If you spot pools of water in an unusual place, in dry or sandy areas for example, it is likely to be a temporary pond. Although water is an ephemeral presence, it is vital to maintain Mediterranean temporary ponds as valuable oases of biodiversity.
Mediterranean temporary ponds provide shelter for some unusual creatures and rare and endangered species that need to be understood and protected. However, recognition of their importance and the conservation of these valuable and ephemeral habitats have not always been priorities.
“The importance of these ponds has been underestimated,” says José Teixeira, a researcher at the Interdisciplinary Centre for Marine and Environmental Research (CIIMAR), at the University of Porto, and national coordinator of the Ponderful project, who points out that “research has shown that ponds play a key environmental role that is completely disproportionate to their small size”.
This same notion is also emphasised by biologist and teacher Paula Canha, who has a Master’s degree in Conservation Biology from the University of Évora and is passionate about this habitat which, at first sight, can be “not so appealing and easily ignored”. It is important to understand the “very special genetic heritage of these ponds, which contain living creatures that are able to withstand changing environmental circumstances and extreme conditions, making them superheroes”.
In fact, temporary ponds are home to more biodiversity than all other bodies of fresh water. In addition, they provide valuable environmental services, such as the management and supply of surface water, amongst others.
All ponds are important, whether they are in rocky, sandy, or grassy areas, but of the various types of temporary ponds, those that form part of the Natura 2000 Sectoral Plan — priority habitat 3170 – Mediterranean temporary ponds, under the Habitats Directive, are of particular importance. These ponds are rare biotopes, which are typical of regions with a Mediterranean climate that experience summer dry spells and times of great water shortages. They form in shallow depressions, are very dependent on rainfall and alternating periods of flooding and drought.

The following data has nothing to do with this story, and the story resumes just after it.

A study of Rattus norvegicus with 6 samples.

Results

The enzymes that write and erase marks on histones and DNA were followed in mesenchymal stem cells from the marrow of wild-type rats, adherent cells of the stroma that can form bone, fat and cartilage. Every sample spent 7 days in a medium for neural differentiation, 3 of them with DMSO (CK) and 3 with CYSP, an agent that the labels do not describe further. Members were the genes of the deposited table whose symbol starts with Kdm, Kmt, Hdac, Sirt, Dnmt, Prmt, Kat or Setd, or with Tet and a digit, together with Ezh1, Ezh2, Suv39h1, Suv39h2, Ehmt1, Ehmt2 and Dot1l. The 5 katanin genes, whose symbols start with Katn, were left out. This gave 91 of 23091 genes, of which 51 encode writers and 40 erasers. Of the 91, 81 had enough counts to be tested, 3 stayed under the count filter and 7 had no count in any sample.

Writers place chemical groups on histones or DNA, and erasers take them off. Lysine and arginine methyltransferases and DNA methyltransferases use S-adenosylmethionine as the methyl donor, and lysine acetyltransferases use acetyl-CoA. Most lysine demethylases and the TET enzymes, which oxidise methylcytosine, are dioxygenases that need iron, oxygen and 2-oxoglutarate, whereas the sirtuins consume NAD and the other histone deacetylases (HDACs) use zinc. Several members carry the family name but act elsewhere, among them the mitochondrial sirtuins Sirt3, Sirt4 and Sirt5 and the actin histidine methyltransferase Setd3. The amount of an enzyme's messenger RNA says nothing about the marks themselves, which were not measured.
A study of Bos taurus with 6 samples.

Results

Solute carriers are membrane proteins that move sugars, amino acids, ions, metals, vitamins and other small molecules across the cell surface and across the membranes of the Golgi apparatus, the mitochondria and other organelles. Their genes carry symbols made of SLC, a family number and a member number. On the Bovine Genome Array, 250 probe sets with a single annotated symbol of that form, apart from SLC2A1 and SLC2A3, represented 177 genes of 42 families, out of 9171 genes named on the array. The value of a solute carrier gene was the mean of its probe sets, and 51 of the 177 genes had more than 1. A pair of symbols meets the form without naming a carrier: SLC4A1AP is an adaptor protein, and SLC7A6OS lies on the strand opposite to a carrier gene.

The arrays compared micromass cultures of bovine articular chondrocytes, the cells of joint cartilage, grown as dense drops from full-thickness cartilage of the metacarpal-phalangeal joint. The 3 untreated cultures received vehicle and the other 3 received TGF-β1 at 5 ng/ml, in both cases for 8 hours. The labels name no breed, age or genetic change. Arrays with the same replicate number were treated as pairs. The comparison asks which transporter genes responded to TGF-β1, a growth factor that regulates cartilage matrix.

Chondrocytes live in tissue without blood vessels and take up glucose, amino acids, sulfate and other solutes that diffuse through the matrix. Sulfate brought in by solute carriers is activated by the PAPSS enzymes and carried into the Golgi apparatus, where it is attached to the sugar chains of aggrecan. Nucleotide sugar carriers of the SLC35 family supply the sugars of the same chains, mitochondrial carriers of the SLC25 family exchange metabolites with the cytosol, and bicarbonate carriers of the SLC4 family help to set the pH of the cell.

The flooding phase of these Mediterranean ponds lasts about four to five months (during winter and spring), which is longer than for other accumulations of rainwater. In addition, these temporary ponds function as a sort of “sponge”, absorbing water when there is too much of it and storing moisture in the soil, releasing it during the dry season.
In order to learn more about this high-priority habitat, the LIFE Charcos project, coordinated by the Liga para a Proteção da Natureza (the League for the Protection of Nature), took place between 2013 and 2018. As well as studying and monitoring these ponds and raising awareness of the importance of these invaluable natural habitats, this project has produced a Good Practice Manual for the Conservation of Mediterranean Temporary Ponds, which proposes sustainable management measures enabling the protection of these habitats to be reconciled alongside human activities.
In the Mediterranean temporary ponds located on the coastal plateaus of southwest Alentejo and the Vicentine coast, an inventory has been compiled of the typical flora and fauna species that have adapted to the specific features of this habitat. The presence of numerous plants of high conservation importance was noted. These include the fern Pilularia minuta and Caropsis verticillatoinundata, both classified as “vulnerable” according to the Red List of the Vascular Flora of Mainland Portugal. It was the same for the fauna species, and various endemic and rare species stand out. Worthy of special mention are the Triops vicentinus, considered “endangered” by the International Union for Conservation of Nature’s Red List, and the Lusitanian parsley frog (Pelodytes atlanticus), both endemic to southwestern Portugal.
The deterioration in water quality, the disappearance of plants typically found in these ponds, and the emergence of other anomalous plants (such as agricultural weeds or invasive plants like acacias) are all indicators of the degradation of temporary ponds.